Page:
What happened to the money from the Cleveland Indians World Series watch parties?

CLEVELAND - Baseball season is in full swing and the Indians aren't just doing well on the field, they're also doing good in the community.

The Boys And Girls Club in Cleveland has been benefiting from the Tribe's philanthropy and they say the money received is making a difference.

"I love baseball, I've been a baseball fan since I was like 8 years old," said Zayllianny Mojica.

 

The 18-year-old has already checked it off her bucket list.

“I’ve had this dream since I was little, that I would throw out the first pitch in a game. And then the Indians made that happen," she said.

That special moment last year is just one of the benefits from being named The Boys and Girls Club Youth of the Year.

“I’m the first person in my family to actually go to college for a degree and it's just...it means the world," she said.

She’s also received a $5,000 college scholarship and it's all thanks to the Cleveland Indians.

Nearly 100,000 people showed up at Progressive Field to cheer on the Tribe during the World Series away games, and those watch parties raised nearly $230,000. The team donated that money to organizations they support like the Boys And Girls Club.

“It’s ingrained, it is ingrained in our culture that it's important that we are good corporate citizens and community involvement is very, very important to us," said Bob DiBiasio, Senior Vice President of Public Affairs for the Cleveland Indians.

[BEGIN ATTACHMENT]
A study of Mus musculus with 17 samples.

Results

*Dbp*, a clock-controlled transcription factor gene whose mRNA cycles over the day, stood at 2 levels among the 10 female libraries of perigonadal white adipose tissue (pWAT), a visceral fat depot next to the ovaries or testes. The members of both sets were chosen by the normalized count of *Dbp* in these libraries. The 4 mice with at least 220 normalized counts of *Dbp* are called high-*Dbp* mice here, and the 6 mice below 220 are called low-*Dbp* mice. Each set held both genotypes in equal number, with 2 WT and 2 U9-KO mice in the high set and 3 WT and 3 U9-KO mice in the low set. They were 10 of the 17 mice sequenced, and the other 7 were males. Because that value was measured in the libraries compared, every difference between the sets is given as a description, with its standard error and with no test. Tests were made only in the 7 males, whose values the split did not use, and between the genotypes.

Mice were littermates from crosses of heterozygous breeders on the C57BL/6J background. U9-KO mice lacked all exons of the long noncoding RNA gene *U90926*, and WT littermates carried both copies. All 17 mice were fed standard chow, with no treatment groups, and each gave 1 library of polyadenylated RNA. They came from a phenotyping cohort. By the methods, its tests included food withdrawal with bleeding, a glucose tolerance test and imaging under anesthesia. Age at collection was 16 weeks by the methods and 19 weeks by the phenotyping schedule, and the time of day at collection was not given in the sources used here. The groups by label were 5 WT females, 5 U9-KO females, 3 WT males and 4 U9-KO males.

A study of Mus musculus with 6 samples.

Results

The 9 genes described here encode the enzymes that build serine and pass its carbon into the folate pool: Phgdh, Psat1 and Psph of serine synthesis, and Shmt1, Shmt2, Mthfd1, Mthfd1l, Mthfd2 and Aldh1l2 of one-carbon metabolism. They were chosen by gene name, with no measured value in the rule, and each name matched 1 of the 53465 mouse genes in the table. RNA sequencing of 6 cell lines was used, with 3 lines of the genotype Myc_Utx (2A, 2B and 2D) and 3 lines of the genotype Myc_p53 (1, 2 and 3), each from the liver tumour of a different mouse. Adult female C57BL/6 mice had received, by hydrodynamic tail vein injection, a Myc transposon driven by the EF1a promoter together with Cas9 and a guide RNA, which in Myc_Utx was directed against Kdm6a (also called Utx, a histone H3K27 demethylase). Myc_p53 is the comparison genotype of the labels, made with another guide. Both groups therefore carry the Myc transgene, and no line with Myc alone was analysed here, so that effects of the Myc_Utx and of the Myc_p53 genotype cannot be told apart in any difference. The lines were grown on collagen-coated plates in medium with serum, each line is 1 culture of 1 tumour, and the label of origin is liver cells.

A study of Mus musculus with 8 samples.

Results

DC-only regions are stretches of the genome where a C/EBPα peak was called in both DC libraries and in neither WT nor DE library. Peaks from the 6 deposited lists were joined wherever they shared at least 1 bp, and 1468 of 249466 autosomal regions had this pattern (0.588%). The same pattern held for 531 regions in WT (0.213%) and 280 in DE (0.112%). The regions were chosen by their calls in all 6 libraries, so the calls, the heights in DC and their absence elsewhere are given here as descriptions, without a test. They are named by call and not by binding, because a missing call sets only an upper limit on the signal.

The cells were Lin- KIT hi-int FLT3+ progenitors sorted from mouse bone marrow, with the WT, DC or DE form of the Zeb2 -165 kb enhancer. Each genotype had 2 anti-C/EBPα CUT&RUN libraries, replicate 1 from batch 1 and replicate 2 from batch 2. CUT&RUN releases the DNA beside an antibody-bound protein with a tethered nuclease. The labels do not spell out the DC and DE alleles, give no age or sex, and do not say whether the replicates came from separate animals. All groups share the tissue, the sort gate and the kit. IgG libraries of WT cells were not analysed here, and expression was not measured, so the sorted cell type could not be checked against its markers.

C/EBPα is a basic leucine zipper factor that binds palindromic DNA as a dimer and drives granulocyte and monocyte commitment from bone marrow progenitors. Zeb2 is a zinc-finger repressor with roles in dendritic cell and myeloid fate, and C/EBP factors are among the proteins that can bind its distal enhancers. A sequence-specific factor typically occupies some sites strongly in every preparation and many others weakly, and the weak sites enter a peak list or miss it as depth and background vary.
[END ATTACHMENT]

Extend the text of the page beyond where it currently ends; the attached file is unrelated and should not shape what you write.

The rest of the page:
Alan Smith, Director of Operations at the Youth Center said they are still reaping the benefits.

“They've just been really instrumental in terms of providing our kids with exposures and with opportunities they just would not have independent of the Indians," he said.

As for Mojica, she says the scholarship has given her another reason to stay connected to the sport she loves and the team she admires.

"I think it's special because it shows that there are people out there that care about us and there are people out there that are willing to help us," she said.

The Indians collected about a half a million dollars throughout all of the last year for the charities they support, giving a significant amount of funds also to CMSD schools for their softball and baseball programs.